Game Night Verdicts #73 – Orichalcum

One of the first steps when reviewing a game is getting to the core of what the game is about. In a few short and consise sentences you’re trying to pin down what matters about a game. Beyond its appealing presentation and evocative language, you have to make explicit what it is that you actually do in this game? Whenever I teach a game, I tend to rely on the same kind of description. With Orichalcum, though, I had to struggle. The summary was barely any quicker than the rules explanation itself. It was a challenge to get to the core of the game, without falling back on vague gaming jargon.

That was because the game’s design had already done the work for me. Orichalcum is a game that has been reduced to its essence, without feeling reductive. It’s a game that is clean in its presentation and direct in its design resulting in an experience that gets rolling almost as soon as you take your first turn. That is impressive.

Out of a shared tableau we choose a pair of a landscape token („discovered areas“) and an action. We place the former on our personal map and may then use the latter. By shrewdly lining up the options from one turn to the next, we try to score victory points. Our slowly („dis-“)covered map gives us the opportunity to gain single victory points (i.e. „build a temple“). We can collect or generate the eponymous Orichalcum to swap them for victory points as well. In between we can set up bonus actions and abilities, that will aid us in scoring points faster.

Interestingly, this elegant and smooth entry into the game disguises the learning curve yet to come. At first play feels as if the random coupling of landscapes and actions in addition to the random distribution of buildings, which provide additional abilities, will determine the outcome of the game. But after a handful of plays (or fewer still if you’re a veteran gamer) it becomes apparent that you can retain a lot of flexibility, if you plan ahead and make decisions tactically. While this doesn’t necessarily unlock some secret strategic complexity in Orichalcum, it feels quite gratifying to make yourself less dependent on simple luck.

The game has a sudden death-like end game mechanism, when a player scores their fifth point. This leads to Orichalcum only feeling tense near the end, and only when two or more players are about to score their last point. Some groups might consider this an anticlimactic ending. If the action you need is available on your turn, the game is simply over. But this very same arc appeals to players, who like to see their plans pay off unhindered. Because Orichalcum does not let you limit or otherwise interrupt another player’s turn.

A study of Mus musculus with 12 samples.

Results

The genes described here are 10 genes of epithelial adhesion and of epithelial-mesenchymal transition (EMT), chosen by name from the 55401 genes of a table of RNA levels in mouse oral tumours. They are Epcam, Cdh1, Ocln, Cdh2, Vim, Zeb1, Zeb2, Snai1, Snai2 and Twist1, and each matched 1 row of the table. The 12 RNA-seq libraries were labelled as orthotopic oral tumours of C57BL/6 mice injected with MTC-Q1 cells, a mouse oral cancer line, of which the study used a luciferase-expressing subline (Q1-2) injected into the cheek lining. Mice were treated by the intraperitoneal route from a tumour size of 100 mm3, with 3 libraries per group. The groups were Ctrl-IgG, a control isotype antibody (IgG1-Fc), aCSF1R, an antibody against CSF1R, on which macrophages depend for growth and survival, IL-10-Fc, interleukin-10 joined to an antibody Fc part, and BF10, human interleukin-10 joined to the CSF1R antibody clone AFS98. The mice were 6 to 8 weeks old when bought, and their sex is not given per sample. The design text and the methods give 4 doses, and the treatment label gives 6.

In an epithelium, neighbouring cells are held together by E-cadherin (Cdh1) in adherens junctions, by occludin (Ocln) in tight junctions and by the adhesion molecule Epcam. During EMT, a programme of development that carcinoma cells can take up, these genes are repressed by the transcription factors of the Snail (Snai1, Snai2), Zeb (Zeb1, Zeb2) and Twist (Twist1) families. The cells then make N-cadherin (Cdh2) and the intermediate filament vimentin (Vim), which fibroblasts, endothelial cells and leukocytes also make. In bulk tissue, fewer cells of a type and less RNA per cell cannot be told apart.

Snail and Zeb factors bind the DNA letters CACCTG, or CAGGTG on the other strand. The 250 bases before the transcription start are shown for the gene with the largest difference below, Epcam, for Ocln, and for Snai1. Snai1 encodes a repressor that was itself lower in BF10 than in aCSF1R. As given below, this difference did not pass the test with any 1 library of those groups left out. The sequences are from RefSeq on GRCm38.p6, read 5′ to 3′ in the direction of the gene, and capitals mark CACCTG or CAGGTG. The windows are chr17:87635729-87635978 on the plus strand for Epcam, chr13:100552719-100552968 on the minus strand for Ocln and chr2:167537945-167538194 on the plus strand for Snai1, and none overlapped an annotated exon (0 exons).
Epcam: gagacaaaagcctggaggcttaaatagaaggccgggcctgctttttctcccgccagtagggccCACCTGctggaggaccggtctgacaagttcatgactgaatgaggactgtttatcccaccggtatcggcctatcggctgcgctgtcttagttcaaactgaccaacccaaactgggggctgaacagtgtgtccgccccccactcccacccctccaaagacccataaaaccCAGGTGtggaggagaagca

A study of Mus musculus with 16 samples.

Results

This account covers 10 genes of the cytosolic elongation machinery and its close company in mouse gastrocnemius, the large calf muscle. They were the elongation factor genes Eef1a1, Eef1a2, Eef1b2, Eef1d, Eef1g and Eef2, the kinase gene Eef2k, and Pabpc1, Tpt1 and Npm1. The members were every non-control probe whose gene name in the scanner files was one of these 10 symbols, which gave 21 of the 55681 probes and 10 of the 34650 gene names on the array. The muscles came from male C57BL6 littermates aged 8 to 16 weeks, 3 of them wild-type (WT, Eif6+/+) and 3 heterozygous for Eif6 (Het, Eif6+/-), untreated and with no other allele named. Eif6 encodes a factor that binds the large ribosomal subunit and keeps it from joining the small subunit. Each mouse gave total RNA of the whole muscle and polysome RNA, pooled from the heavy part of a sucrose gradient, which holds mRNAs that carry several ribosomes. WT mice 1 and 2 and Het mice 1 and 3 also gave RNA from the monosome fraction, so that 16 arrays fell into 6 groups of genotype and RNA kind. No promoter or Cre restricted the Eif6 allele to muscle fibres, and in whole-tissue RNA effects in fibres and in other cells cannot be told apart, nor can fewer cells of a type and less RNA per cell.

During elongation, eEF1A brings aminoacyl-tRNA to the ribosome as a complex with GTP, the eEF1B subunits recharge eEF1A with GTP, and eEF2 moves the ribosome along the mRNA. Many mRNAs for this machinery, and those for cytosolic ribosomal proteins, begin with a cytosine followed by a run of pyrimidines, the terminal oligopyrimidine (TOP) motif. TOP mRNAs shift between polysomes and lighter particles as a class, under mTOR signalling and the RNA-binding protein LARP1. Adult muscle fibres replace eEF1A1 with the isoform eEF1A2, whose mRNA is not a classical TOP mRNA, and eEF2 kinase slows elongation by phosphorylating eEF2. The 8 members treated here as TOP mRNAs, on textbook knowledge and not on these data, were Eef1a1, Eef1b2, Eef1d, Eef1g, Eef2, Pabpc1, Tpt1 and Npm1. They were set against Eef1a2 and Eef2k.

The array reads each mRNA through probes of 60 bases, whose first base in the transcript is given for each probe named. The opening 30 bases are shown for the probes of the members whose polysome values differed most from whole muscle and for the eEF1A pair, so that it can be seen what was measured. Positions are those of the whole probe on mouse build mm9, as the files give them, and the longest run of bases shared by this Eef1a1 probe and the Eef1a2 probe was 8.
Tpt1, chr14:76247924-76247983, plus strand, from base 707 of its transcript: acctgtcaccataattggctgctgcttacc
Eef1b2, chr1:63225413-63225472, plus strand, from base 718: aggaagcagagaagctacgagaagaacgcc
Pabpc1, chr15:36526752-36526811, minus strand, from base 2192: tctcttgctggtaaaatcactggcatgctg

This assurance to player agency provided by the game’s design resonates with players who prefer to avoid „high interaction“-type games (otherwise known as petty squabbles masquerading as competition). Orichalcum provides tricky decisions, once you play it at a certain level. That is once you know how to plan ahead and keep your options open. Until you get to that point, it’s a colorful, cheery tile-laying game, in which you have to hope for the right action or right token to show up. If it doesn’t, you’ll just have to make the best out of what you get.

A more experienced board gamer might note that Orichalcum seems to lack the courage to disappoint its players. It’s a game that wants to entertain above all else. As such it aims to limit any possible moments of frustration. Every setback you might face, is quickly softened to be turned into a future opportunity instead. If, for example, your hoplite warriors fail to defeat a monster on your island, they are not fallen and discarded. Instead they remain in play to support you the next time you choose a battle action. If your enjoyment in a game relies on players being chastised and punished for their “wrong” decisions, you will find little to hold on to here.

In Orichalcum every action is designed to be constructive. You would have to make a serious effort to get your agency reduced to meaninglessness. At worst, you simply slow down your progress. It’s why the rulebook describes this game as a race.

Orichalcum plays like a distilled edition of modern game design’s best practices. It’s clearly structured, presented in an approachable style and even inexperienced players can grasp the game’s rhythm makes after a short time. All of this is confident design craft. Even if it is so straight-forward, it can be misconstrued as banal. Orichalcum might not be as valuable as gold, but it’s still great quality.